The head of Canadian fixed income at BlackRock explains how investors can navigate the changing fixed income market
The very idea of bringing Ontario regulators under one roof has set off a debate on what advisors stand to gain or lose.
The shoe is now on the other foot, with fee-based advisors taking heat for failing to disclose all the MERs associated with ETFs – costs that sometimes approach those of mutual funds.
A growing number of firms are rejecting the hunt-to-eat model for young advisors instead opting to provide them with guaranteed income.
The growing number of clients looking to lower their exposure to Canada’s flagging oil sector has some MFDA advisors looking to upgrade to IIROC.
Turnabout is fair play with American firms now hunting for successful advisor offices in Canada.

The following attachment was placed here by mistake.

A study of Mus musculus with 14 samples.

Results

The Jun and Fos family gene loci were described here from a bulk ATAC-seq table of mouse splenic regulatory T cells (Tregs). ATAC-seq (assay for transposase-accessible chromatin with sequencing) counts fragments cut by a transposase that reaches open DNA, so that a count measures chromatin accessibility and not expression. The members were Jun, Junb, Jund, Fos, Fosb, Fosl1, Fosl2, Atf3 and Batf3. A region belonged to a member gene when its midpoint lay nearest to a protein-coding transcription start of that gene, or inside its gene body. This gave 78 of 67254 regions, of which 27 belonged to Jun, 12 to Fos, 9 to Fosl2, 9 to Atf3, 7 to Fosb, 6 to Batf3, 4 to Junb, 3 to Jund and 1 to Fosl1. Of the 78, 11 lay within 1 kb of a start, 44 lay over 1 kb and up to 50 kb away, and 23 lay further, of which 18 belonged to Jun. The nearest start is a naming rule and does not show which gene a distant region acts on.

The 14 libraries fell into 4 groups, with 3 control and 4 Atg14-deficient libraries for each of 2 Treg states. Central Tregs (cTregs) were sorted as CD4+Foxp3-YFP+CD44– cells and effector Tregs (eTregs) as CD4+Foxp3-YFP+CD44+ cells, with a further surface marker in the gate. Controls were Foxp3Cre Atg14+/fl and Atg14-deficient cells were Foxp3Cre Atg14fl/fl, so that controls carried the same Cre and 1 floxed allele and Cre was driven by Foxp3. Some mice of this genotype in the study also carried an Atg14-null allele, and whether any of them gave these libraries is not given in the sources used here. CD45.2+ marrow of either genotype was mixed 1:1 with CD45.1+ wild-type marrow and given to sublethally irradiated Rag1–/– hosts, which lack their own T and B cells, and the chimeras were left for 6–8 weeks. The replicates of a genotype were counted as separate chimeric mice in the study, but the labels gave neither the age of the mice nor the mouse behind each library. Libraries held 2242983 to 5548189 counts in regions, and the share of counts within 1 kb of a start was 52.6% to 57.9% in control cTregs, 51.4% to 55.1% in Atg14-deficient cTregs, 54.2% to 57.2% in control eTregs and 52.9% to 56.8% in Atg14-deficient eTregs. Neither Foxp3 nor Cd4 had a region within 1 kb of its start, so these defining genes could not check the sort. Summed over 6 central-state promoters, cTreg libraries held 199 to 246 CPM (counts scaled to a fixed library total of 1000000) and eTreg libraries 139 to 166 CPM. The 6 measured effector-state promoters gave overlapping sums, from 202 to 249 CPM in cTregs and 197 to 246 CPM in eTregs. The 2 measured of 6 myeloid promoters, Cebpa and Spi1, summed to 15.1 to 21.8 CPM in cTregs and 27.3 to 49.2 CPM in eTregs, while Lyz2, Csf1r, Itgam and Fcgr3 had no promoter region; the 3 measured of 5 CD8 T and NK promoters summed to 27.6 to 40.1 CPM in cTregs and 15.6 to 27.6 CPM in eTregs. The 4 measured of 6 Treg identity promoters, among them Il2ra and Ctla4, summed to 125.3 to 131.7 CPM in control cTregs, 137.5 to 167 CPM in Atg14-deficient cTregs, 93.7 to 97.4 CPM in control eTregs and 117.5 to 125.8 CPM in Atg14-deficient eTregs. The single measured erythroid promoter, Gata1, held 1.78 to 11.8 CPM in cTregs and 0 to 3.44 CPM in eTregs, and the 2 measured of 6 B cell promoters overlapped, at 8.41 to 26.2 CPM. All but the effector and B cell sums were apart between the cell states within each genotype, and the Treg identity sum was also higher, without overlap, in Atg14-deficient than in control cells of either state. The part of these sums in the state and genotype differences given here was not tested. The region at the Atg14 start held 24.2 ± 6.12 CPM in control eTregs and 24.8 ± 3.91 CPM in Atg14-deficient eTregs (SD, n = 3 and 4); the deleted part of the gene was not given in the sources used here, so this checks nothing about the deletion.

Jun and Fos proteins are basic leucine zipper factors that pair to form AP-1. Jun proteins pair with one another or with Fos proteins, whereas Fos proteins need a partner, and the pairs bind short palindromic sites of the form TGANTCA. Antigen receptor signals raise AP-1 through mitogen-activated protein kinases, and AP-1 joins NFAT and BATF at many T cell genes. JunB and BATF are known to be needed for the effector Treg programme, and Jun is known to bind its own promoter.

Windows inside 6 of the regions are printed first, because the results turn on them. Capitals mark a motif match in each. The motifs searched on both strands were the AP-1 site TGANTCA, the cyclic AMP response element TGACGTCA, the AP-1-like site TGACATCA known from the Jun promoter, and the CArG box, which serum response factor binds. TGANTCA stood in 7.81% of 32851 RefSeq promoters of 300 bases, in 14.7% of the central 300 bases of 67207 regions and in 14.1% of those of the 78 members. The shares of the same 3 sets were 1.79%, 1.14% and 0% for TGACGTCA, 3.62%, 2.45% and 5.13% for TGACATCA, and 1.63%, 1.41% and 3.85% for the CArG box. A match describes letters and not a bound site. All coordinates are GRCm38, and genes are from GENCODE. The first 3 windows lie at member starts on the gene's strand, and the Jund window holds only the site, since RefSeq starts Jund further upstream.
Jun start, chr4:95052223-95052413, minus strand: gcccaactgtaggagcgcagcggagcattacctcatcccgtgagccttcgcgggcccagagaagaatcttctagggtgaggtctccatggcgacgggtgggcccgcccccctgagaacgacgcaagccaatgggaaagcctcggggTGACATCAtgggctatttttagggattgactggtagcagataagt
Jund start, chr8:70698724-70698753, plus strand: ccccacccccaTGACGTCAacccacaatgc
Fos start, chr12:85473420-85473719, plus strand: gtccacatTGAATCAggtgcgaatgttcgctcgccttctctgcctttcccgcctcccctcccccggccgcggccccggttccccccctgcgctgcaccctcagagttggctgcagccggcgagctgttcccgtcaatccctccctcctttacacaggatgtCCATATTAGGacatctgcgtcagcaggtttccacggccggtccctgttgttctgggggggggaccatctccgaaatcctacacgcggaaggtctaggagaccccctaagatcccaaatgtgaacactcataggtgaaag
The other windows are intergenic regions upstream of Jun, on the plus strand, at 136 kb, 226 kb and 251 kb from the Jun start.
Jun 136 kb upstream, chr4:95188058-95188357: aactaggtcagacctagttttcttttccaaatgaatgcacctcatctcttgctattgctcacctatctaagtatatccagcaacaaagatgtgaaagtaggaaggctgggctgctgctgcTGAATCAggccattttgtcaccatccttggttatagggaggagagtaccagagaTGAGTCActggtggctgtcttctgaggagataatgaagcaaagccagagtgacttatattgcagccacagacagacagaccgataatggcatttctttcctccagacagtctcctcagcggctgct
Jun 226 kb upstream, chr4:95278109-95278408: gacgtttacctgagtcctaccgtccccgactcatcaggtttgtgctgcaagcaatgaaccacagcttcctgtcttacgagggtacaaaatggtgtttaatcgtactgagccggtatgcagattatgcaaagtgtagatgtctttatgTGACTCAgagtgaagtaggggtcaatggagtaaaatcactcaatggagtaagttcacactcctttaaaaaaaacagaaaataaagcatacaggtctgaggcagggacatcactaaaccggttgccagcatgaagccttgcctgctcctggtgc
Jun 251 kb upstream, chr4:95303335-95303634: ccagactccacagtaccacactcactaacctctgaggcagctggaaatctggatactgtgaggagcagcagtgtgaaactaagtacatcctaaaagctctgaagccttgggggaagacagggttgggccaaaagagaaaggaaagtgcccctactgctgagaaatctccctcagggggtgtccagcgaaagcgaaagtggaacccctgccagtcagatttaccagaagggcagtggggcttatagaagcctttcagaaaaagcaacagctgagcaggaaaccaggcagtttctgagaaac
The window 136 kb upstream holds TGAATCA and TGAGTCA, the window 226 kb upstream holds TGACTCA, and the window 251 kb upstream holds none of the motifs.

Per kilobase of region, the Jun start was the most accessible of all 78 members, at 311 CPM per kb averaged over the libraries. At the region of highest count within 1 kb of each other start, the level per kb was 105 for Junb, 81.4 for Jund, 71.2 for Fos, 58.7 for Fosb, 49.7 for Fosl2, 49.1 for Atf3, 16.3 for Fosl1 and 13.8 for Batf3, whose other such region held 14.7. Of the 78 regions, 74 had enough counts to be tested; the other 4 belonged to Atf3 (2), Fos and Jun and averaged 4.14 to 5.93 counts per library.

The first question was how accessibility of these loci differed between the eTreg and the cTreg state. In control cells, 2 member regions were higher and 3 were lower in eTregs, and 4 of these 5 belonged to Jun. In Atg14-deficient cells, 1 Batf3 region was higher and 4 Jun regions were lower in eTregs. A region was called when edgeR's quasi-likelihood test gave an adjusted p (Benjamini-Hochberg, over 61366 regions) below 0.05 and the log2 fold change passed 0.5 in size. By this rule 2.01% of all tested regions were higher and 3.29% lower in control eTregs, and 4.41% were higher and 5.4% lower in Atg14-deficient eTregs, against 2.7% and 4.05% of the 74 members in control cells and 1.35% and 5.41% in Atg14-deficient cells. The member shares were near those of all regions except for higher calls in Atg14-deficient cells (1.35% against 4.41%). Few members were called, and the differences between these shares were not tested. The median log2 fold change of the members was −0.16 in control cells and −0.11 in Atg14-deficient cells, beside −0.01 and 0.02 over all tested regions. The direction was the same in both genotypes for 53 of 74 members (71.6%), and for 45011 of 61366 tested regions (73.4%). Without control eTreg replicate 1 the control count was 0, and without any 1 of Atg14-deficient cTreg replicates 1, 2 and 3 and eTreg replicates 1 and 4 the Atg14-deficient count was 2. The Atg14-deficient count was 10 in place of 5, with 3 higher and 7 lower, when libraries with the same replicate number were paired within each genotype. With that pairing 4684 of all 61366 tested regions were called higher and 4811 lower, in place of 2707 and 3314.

When full fee transparency hits, a growing number of clients will decide to divvy up their assets rather than leave it all under anybody’s sole control, warn experts.
In a relatively quick turn of events, the biggest advisor on the Prairies was unceremoniously shown the door in early March by one firm for compliance reasons only to have a big Canadian name snatch him up – along with his $1.5 billion book.
Thousands of advisors will commit regulatory arbitrage as they look to get around any move by the OSC to ban embedded commissions, predicts one industry veteran.
Fee-based advisors are addressing the negative optics of a two-tiered fee structure where a low rate is applied to larger AUM clients and a higher, less favourable rate to others.
The head of one of Canada’s first robo-advisors is reacting to speculation that the $30m Wealthsimple deal marks the beginning of the end for independent players like his.